The Magic World of Jewish Stories

By Kathy Bloomfield

Howard Schwartz is a collector of Jewish stories. He gathers them from the past and from the present, from individuals and libraries and from every continent. Recently, two of his award-winning collections have been deservingly reissued.

The Day the Rabbi Disappeared
Jewish Holiday Tales of Magic
Retold by Howard Schwartz
Illustrated by Monique Passicot
80 pages. Jewish Publication Society. $9.95
All ages.

We owe a debt of gratitude to The Jewish Publication Society for reintroducing this incredible collection of magical and mystical stories from all over the world, which won the National Jewish Book Award when it was first published by Viking Children’s Books in 2000. Each tale is linked to a particular Jewish holiday either by the story’s setting or because the holiday is part of the plot. Of special note are the stories for Rosh Chodesh (The New Moon Celebration) and Lag ba-Omer (The Eighteenth Day of Iyar), because these holidays are so rarely celebrated in children’s books.

The Rosh Hodesh story, “A Flock of Angels,” tells the tale of Rabbi Asenath, a young woman who is the daughter of Rabbi Samuel Barzani.  When Rabbi Barzani dies, Asenath takes over his responsibilities. One night, her father speaks to her in a dream and tells her she must go to the Kurdish town of Amadiyah for Rosh Hodesh. Even though “All Jews have been warned to stay away from Amadiyah,” she leaves her village. Upon her arrival, she is “given great respect as a holy woman.” But when she tells the townspeople that they must celebrate Rosh Hodesh outdoors “so they could see the crescent of the new moon,” they get very upset. Still, “their faith in God and their trust in her were so great that they agreed to proceed.”  As they begin to celebrate, they hear shouting and see “flames shoot up into the sky.” Their synagogue is on fire! As the flames approach the Holy Ark where the Torahs are kept, Asenath whispers a secret name. Angels descend on the synagogue and “beat the flames with their wings, until every last spark had been put out.” When the Jews’ enemies heard what had happened, “they were so fearful that they dared not harm the hair of even a single Jew.” Illuminating God’s gifts of faith and magic, this delightful story transforms the monthly Rosh Hodesh holiday into a wondrous and awe inspiring event.

In “The Dream of the Rabbi’s Daughter,” a young girl learns the secrets of the Zohar (a central text in the Jewish mystical tradition) from its author, Rabbi Shimon bar Yohai. She is able to share her learning with her father and other renowned rabbis much to their delight and amazement. Bar Yohai spent thirteen years in a cave hiding from the Romans, and emerged on Lag ba’Omer. As a result, this holiday is celebrated all over Israel with campfires and festivities, especially in the Galilee near Bar Yohai’s tomb. “The Dream of the Rabbi’s Daughter” serves as a fun and unusual beginning of a conversation about this joyous festival.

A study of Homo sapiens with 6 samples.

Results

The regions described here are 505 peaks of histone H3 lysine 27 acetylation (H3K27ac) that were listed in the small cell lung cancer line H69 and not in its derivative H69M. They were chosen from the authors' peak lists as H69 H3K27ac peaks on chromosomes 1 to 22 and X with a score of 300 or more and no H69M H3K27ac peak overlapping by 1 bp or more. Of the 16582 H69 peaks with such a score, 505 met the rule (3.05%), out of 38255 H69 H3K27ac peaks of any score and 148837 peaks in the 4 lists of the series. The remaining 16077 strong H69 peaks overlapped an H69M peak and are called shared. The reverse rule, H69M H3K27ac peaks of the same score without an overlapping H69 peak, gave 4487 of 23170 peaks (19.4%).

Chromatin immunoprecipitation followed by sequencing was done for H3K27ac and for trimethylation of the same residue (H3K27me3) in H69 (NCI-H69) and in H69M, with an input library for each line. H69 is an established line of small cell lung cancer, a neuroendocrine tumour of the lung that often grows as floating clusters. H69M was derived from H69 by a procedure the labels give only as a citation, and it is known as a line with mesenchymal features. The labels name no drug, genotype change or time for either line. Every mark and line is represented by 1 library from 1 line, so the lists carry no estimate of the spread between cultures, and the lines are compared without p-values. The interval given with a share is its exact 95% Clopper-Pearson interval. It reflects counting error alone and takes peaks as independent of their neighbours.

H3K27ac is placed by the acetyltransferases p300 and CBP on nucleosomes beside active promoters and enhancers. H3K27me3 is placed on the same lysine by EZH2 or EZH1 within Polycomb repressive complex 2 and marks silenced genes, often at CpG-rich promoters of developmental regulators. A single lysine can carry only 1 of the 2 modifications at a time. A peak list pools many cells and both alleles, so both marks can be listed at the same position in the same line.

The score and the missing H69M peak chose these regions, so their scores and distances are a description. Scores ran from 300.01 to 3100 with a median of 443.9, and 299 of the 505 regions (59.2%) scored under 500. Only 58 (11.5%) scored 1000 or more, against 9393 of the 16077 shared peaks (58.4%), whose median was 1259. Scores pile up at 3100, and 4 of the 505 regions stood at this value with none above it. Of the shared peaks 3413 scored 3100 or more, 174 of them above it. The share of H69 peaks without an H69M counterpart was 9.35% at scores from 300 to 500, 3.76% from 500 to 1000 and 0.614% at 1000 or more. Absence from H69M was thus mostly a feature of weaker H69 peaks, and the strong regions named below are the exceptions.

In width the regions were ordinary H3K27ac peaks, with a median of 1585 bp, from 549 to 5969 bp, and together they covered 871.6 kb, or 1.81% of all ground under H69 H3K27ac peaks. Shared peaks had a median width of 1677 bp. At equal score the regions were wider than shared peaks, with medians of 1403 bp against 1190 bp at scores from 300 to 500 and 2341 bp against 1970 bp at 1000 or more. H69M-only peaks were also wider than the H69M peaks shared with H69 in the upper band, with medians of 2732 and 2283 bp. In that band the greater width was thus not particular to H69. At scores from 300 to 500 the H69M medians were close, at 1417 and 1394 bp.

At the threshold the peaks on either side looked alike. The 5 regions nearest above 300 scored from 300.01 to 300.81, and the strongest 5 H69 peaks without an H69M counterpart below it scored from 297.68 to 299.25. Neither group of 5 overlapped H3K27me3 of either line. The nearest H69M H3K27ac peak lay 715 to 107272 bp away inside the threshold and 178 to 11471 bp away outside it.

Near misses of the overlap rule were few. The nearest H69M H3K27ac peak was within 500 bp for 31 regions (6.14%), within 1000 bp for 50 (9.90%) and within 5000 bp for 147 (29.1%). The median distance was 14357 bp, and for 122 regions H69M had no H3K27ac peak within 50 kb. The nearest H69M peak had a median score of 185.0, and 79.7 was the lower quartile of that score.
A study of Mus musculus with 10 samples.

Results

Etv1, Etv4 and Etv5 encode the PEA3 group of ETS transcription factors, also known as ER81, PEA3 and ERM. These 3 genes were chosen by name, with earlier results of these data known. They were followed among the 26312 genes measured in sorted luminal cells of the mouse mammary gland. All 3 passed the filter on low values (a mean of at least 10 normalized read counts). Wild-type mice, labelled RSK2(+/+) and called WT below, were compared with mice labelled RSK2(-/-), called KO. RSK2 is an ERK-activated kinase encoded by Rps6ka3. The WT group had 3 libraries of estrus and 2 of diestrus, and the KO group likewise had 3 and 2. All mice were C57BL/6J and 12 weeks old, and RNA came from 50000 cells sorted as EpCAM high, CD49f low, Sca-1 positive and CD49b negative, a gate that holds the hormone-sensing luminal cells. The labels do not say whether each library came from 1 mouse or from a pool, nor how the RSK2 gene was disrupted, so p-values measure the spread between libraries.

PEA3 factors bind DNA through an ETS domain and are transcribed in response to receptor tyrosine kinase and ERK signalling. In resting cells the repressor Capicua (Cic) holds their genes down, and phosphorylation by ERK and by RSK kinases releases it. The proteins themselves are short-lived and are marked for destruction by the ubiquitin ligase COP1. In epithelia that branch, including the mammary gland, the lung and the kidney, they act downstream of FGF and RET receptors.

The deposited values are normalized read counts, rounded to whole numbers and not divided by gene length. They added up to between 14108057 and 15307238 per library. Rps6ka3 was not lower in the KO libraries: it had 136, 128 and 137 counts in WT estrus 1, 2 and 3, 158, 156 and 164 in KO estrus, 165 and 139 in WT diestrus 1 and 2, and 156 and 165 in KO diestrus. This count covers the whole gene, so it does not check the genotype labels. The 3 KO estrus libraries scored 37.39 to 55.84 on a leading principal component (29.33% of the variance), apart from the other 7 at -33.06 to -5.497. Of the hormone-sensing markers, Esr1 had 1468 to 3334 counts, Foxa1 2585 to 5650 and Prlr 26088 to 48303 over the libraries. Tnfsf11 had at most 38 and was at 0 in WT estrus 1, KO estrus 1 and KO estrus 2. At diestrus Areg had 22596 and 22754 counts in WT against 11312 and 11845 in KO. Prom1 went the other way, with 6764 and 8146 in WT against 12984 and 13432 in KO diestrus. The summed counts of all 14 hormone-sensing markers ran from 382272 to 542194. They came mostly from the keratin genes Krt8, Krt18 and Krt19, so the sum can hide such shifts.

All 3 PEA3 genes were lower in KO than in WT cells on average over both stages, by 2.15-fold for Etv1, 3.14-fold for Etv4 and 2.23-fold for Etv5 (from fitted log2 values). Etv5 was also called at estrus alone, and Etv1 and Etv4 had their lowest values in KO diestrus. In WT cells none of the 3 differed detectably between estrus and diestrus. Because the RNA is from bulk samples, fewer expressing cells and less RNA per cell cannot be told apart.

Of course, in addition to these two wonderful tales, all the standard holidays are represented. Every story is accompanied by an explanation of the festival, biographical details about the real life sages and rabbis who are the principal performers of the miracles and magic in the story, as well as background information about the time, place, or events described.

The illustrations by Monique Passicot lend a magic all their own to this delightful collection. I encourage you to have a copy at hand for storytelling during the holidays or at any time throughout the year.

Jerusalem of Gold
Jewish Stories of the Enchanted City
Retold by Howard Schwartz
Illustrated by Neil Waldman
58 pages. Jewish Lights Publishing. $18.95.
All ages.

Eleven stories set in or around Jerusalem, featuring King David, King Solomon, Rabbi Nachman of Bratslav and a cast of ordinary yet pious people, come to life in the pages of Jerusalem of Gold. King Solomon outwits the demon Ornais in “The Vampire Demon,” the oldest vampire story ever found—over 2000 years old! Read “How the Walls of the Temple Were Built” to learn why the Western Wall still stands.  Follow the tale of the disappearance of “The Princess of Light” and discover where she remains hidden to this day. These and many more fabulous stories await you in this volume.

Each story is accompanied by a few bits of information setting the stage or clarifying the legends of the story. In addition, the source of each story is accurately recorded in the back of the book along with a glossary of terms. Neil Waldman’s beautiful, soft pastel illustrations evoke the warmth and mystery of Jerusalem. I highly recommend this collection of stories for Shabbat, Yom Yerushalayim, or any time.

Originally entitled Next Year in Jerusalem and published by Viking in 1996, this award-winning collection has been out-of-print for years. Again, we are thankful that Jewish Lights publishing has rediscovered and reissued this fantastic collection of Schwartz’s tales.